BWOPA Celebrates 50th Anniversary with Signature Leadership Summit, Oct. 27-28 


This year, they celebrate their 50th anniversary by hosting their signature leadership empowerment summit “Mobilizing for Power to Sustain Our Legacy” Saturday, Oct. 27 at the Intercontinental Hotel in San Francisco.

The original members Alfreda Abbott, Margaret Amoureaux, Belva Davis, Ruth Hagwood-Webb, Aileen Hernandez, Ella Hill Hutch, Mary Jane Johnson, Dorothy Pitts, Teola Sanders, Frances Taylor and Dezie Woods-Jones, continued to meet and work on other political issues after the election.
A few years later, they put out a call for women interested in political action, and over 350 women convened at what was then the Bay Area’s Black Culture Center, “The Rainbow Sign” in Berkeley.

Dezie Woods-Jones

Dezie Woods-Jones was the first president of the organization in 1970, and is now the state president. “Our mission is still primarily the same, but we have certainly expanded.”
Today, BWOPA is a statewide organization with a second non-profit agency, the Training Institute for Leadership Enrichment, to educate and prepare women who are interested in getting involved in public policy and leadership. They have also recently instituted the Dezie Woods-Jones Public Policy Fellowship Initiative.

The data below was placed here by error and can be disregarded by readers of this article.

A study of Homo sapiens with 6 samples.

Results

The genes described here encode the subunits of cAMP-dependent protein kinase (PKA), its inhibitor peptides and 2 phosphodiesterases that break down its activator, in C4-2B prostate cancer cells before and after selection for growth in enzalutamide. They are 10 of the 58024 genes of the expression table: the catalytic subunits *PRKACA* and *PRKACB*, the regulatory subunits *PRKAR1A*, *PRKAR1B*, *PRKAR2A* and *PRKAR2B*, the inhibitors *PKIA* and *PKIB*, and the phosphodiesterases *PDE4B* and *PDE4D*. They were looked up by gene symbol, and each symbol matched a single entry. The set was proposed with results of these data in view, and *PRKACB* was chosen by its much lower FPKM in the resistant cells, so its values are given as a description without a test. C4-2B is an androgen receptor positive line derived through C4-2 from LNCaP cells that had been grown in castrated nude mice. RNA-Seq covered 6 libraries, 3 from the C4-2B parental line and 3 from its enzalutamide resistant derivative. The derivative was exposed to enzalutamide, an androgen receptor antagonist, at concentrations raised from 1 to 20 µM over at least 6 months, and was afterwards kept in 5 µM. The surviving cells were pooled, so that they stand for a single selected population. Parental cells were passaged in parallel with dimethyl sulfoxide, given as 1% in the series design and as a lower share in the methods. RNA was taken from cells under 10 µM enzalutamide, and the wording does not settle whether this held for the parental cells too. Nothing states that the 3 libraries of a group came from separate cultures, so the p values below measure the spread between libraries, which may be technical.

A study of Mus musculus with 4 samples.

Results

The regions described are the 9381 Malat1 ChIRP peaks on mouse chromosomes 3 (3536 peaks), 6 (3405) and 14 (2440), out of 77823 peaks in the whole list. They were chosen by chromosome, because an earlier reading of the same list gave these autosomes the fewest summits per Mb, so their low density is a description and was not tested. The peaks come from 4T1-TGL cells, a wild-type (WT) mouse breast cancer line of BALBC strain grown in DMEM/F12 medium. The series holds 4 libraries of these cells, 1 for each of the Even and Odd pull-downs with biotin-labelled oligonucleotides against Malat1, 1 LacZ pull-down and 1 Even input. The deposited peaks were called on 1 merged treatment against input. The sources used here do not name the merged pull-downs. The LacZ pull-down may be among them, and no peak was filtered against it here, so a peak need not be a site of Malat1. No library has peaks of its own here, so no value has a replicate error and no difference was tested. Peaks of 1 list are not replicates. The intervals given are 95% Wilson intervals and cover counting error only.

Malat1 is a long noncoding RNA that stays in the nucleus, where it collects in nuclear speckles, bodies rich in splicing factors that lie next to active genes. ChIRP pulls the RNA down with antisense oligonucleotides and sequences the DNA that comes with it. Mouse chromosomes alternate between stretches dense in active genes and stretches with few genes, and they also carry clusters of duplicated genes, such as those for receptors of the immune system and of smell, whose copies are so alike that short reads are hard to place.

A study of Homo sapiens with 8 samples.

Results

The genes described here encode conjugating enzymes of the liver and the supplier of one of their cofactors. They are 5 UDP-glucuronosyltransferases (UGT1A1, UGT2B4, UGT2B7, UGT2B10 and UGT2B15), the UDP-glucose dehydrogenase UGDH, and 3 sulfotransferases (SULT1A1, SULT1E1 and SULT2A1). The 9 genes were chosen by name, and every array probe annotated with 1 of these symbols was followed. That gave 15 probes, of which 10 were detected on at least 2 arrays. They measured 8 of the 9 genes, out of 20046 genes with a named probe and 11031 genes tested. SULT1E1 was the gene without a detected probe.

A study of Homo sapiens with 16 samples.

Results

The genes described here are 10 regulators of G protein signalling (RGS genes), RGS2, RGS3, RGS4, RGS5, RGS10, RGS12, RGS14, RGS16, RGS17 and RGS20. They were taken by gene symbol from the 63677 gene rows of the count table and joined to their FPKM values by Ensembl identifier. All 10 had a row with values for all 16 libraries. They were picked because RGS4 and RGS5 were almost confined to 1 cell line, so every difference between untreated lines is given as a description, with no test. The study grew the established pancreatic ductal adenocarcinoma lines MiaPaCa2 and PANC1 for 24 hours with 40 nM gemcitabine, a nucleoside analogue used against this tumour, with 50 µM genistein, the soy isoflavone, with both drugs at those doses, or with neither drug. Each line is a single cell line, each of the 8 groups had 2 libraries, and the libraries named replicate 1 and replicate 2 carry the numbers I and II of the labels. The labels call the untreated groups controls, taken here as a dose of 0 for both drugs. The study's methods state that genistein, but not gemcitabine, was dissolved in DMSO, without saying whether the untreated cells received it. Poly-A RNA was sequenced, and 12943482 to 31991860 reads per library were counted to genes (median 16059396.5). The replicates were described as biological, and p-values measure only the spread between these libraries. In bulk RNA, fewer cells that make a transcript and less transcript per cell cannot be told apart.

“We’ve made great progress, but there’s still plenty to do,” Woods-Jones said. She said that lately, “everyone is talking about the power of the Black women’s vote—we’ve been saying that for 50 years.” She’s glad people are getting on board, and said that Black women have had consistently high percentages of their population getting out the vote for years. “We outvote any other group of people in this nation,” she said, but “we are the least represented locally, statewide, and nationally.”

She’s pleased that more women are running for office in California’s Central Valley cities like Stockton, Tracy, and Fresno, areas where women of color are even less represented than in major cities. But, she said, “it’s still so far from what we need. Kamala Harris is only the second African-American woman on the US Senate—that’s nothing to brag about.”
But BWOPA has had a major impact in unifying efforts statewide to bring about more equitable representation in government and policy.